Promoting understanding
and compassion for animals


I have included this section to give you an idea of the typical tasks which make up our days. Of course Greg and I both work ( me from home) and are raising three small children, so these tasks need to be done around these other important activities. People often ask me how I can manage the children and animals but I find that they actually complement each other quite well. Children appreciate a routine, so the daily feeding schedule is part of their life. They also love all of the animals and are quite happy to trot around after me every afternoon while I feed up. It also gets them out in the fresh air and helps them sleep well at night.

Feeding – I hand feed all of the animals over winter, then in Spring and Summer the horses, cows and alpacas usually just graze. Hand feeding is quite an expensive and time consuming business as the feed has to be ordered delivered and stacked. The feed then needs to be mixed up all in different amounts and ratios and fed to the animals twice a day. The horses (all except Kittly) receive an aged (for older horses) pelleted formula, Dairy Meal and Rice Bran soaked in water then mixed with lucerne chaff in the morning and a biscuit of lucerne hay in the afternoon. The cows receive hay morning and afternoons and the alpacas get concentrated pellets in the morning and hay in the afternoon. The chooks have constant access to layer pellets are fed crushed corn and scraps in the morning and a bucket of greens (usually grass) every couple of days. The rabbits and guinea pigs receive a variety of fruits and vegetables, as well as green grass every day. They also have access to commercial rabbit pellet mixture. Our peacock has bread in the morning (at the front door) and then accompanies us up to the chookyard in the afternoon for some grain mix. Marlee has home cooked meat, veges and pasta at night and usually some leftovers during the day. Oggie and Brodie have cat biscuits of a morning and then meat at night.

Water – all of the animals have access to water which must be checked daily and topped up especially in hot weather. I usually clean out the bath tubs once a week. The middle dam contains a pump which is connected to underground irrigation pipes which Greg uses to fill up the tanks. This is quite a time consuming exercise, taking up to an hour to complete. In the middle of winter it is also necessary for me to break the ice on the water troughs each morning to allow the animals to drink.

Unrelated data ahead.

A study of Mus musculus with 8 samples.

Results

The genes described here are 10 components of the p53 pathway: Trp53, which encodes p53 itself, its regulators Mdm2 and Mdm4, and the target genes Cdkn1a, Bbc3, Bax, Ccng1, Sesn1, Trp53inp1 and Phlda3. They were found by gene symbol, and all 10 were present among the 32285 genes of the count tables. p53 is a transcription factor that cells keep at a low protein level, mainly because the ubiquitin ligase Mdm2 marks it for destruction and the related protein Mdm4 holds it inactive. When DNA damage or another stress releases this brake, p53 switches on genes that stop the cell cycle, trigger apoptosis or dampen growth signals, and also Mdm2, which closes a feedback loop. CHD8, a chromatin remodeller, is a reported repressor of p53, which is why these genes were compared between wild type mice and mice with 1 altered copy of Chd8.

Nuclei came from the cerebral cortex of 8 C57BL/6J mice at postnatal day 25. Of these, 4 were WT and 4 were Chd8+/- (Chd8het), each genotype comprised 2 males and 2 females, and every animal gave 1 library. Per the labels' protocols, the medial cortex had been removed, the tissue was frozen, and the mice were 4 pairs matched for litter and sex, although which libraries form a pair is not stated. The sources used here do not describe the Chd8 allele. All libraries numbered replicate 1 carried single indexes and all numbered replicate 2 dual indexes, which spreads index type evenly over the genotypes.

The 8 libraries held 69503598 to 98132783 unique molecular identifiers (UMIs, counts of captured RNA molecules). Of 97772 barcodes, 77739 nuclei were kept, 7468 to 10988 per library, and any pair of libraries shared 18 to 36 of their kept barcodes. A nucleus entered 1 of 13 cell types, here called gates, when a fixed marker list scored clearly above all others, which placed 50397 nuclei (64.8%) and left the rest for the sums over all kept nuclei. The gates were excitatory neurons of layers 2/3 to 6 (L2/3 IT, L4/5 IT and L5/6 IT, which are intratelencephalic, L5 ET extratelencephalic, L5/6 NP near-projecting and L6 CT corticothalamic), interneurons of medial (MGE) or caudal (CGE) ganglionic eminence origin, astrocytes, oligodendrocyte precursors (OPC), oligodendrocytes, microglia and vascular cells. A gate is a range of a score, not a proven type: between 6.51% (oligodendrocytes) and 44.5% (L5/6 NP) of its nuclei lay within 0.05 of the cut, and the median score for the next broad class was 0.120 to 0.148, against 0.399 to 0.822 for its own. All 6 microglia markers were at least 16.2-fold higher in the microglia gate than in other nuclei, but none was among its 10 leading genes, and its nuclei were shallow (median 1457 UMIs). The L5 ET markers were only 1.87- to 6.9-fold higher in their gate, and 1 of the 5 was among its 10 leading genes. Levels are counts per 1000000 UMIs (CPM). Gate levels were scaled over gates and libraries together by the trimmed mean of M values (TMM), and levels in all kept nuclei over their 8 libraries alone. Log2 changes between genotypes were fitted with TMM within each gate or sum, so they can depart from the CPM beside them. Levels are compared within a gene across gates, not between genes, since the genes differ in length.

Rugging – because of the cold and their age, I rug all of the horses in winter. I try to take the rugs off during the day but some days this is just not possible. In fact this winter, they actually wore their rugs for about ten days straight during one cold spell.

Worming – I worm the horses every three months and Jeff our farrier does this for me when he does their feet. The cows are wormed at the same time however I just mix their worming paste up with their feed. The chickens are wormed about 4 times a year with medication that is added to their drinking water. The cats are wormed with tablets hidden in food that is very strong tasting, usually sardines in tomato sauce.

Feet trimming – the horses have their feet trimmed by our farrier Jeff, every eight weeks.

Exercise – three of the horses (Summer, Duke and Kitty) are ridden regularly with Kitty and Summer attending Pony Club with Kelsea and Kyle each fortnight. Blaze is the only one who can’t be exercised because of his arthritis.

Weeding the paddocks – twice a year.

Rotating the paddocks with the animals – constantly.

Manure spreading – whenever paddocks are rested.

Shearing the alpacas – yearly, usually the second week of November. It always rains for at least four days prior to the shearing.

Cleaning chook shed, rabbit cage and guinea pig pens – fortnightly.

Mowing – in summer, every second week. If Greg was to mow all of the lawns around the house it would take him about six hours. Obviously this isn’t feasible every second week so he does it in stages and Kyle helps out too.

Weeding, vegetable, flower and herb gardens – every couple of months. The herb gardens also need to be topped up with woodchip every couple of years.

Pruning herb gardens – I usually cut back most of the herbs at the beginning of winter to promote vigorous growth in the spring.